Freeman said every five years, the University brings in food consultants to give dining officials an unbiased examination of food services at UNC. Last year, a firm called Envision Strategies hosted focus groups with students as part of this assessment, and the lack of weekend hours came up often in these focus groups.
Freeman said another motivation for adding Lenoir brunch was the increasing popularity of brunch at Rams Head Dining Hall in recent years. Last year, an average of 1,500 to 1,800 students came to eat brunch at Rams each weekend. Comparatively, lunch — which is currently the most crowded meal at Top of Lenoir — averages 2,200 students per day.
“To get the quick service we wanted at those times, we felt that those numbers were high enough to open Lenoir Hall for breakfast and lunch,” Freeman said.
Freeman said he has a goal of 1,000 students eating brunch at each location.
The cost of the new weekend meals is expected to be between $150,000 and $180,000 for Carolina Dining Services. These costs mostly go toward labor with a smaller portion going toward additional food purchases. The costs are covered by the prepaid meal plans students have purchased.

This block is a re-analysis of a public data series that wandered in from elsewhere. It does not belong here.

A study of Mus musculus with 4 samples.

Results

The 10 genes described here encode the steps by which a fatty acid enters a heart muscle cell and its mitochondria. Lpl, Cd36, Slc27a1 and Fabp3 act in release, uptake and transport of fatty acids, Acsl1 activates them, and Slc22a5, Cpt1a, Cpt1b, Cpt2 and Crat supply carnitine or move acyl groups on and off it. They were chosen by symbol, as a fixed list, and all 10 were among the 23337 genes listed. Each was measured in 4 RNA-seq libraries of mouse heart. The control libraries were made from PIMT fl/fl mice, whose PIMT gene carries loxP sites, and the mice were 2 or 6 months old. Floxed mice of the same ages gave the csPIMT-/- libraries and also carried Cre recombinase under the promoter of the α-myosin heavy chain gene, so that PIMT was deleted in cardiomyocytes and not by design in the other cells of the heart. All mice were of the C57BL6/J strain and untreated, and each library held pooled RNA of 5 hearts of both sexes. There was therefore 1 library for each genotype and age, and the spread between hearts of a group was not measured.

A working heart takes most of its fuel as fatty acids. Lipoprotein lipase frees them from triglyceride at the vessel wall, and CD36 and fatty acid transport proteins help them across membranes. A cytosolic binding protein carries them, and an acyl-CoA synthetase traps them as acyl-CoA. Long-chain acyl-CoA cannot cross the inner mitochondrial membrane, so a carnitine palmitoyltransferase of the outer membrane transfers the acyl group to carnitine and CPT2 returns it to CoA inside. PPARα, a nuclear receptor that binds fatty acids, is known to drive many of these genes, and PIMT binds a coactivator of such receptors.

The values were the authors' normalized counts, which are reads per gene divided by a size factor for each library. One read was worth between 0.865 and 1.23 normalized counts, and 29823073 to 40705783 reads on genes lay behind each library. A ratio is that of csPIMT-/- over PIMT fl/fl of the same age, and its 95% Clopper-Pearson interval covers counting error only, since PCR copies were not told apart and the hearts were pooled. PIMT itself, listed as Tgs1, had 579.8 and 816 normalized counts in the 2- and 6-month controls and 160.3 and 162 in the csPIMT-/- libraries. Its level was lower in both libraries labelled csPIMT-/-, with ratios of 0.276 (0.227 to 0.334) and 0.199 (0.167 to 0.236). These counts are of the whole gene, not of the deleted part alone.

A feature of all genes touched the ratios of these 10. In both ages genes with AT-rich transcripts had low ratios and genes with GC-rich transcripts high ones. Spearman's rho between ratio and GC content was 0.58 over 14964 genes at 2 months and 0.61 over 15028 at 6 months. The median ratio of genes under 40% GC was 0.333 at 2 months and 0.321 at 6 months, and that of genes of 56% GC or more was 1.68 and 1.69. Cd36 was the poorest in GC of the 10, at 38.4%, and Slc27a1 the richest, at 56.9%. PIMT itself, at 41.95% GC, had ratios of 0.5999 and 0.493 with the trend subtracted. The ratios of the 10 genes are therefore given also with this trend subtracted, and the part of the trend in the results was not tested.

Freeman said he hopes the new hours will cause an increase in the number and the size of meal plans purchased. He said similar increases happened with the addition of late-night meals at Rams Head Dining Hall in 2010.
The convenience of the additional hours appealed to senior Lisa Morris.
“It’s definitely more convenient for people on campus. If I lived on campus, I’d be really happy about it,” Morris said.
Sophomore Jennifer Jin had mixed feelings about the new hours.
“I think it’s convenient,” she said. “It was a struggle as a freshman, but it was also nice to see upperclassmen at Rams. It was always nice to see new faces.”